I don’t think it would’ve made sense for me to be born any time before the 50s. I’m trying to think of a society I would’ve prospered in, but they all fall apart. Knowing who I am, how much I enjoy complaining and how flimsy my immune system is, I’d be ill suited to a life that existed before widespread inoculation. In medieval times I would’ve fallen for the first round of black plague, or been mowed down in the initial rain of arrows. I’m not an inherently brave person, so unless I lucked out and was born into a family of means, I’d be pretty much fucked. In the Wild West I’d no doubt contract dysentery, and in the Wild Wild West I’d stand no chance against a giant mechanical spider. I can’t see myself having excelled in the Victorian era, given my lack of concrete skills. I probably would’ve been the lackey of some merchant or an apprentice candlestick maker. The 20s through 40s were all filmed in black and white and I don’t know if my eyes would pop enough, so they’re out. In fact, if not for the age in which I was born, I think the only place for me would’ve been as a disaffected member of Gen X.
I’m being deliberately silly of course, but as I started typing my objections, I pondered how impossible it would be to predict how I’d be in any early generation. With my personality so utterly shaped by my culture (my sum of lived experiences up to this point), I’d be an entirely different person. So much of me has been sculpted from parental influences, the specific friends I’ve grown up around, my home country, my education, relationships I’ve had and (let’s be honest), the media I’ve consumed. This concept of who would I have been is erroneous from the start, because the simple answer is that I wouldn’t have have been me. I’d have been an entirely different person, a creation of my surroundings.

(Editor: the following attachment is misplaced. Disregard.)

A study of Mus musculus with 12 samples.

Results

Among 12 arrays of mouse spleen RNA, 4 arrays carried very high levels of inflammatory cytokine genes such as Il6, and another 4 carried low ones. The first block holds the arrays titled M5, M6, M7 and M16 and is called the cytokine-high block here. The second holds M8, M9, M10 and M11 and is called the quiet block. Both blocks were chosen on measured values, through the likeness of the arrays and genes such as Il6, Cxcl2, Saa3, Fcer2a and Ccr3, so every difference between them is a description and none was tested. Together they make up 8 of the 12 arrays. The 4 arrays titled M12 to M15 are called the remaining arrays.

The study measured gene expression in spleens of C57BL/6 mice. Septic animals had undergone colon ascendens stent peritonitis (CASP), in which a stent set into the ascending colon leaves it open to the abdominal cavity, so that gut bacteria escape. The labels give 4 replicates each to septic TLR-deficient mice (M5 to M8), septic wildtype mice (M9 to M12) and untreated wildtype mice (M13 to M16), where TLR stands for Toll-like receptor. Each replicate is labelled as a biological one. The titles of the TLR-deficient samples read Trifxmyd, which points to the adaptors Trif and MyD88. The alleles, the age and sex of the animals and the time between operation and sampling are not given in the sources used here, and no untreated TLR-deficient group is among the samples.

When I start to think about the “whys” of who I am, it wigs me out. It’s a matter of pulling at threads and seeing how far they go. I’ve changed so much even since I arrived in Toronto. For instance I was always sex positive to a point, but connections I’ve made here have led to further understanding and education of what that means, engaging in experiences I would’ve otherwise likely not had. The friendships I’ve made through the community have constantly caused me to question and restructure held beliefs. People I’ve met have introduced me to others who’ve become hugely important parts of my life. Most of which I can track back as the lasting effects of going on one particular date (of the many I’ve had in Toronto), which kick-started a chain reaction. There’s a point here where anyone could jump in and say “yes, but getting to where you are required a tacit buy-in at each new juncture”. I had to say yes at every step of the way, otherwise I likely would’ve headed down a different path. The further back I go, this only increases the massive range of who I could’ve been.
At the end of the day, picking apart how I’ve become who I am doesn’t change who I will be. Errant navel gazing doesn’t serve meaningful progress. Concurrently it’s not like the viewpoint is a total waste. Maybe the answer is somewhere in the middle. Further consideration of actions taken could help shape who I become. Which is a fine idea in theory but useless in practice. Who wants to think about things all the time?
That’s how you wind up with a project like I Have My Doubts.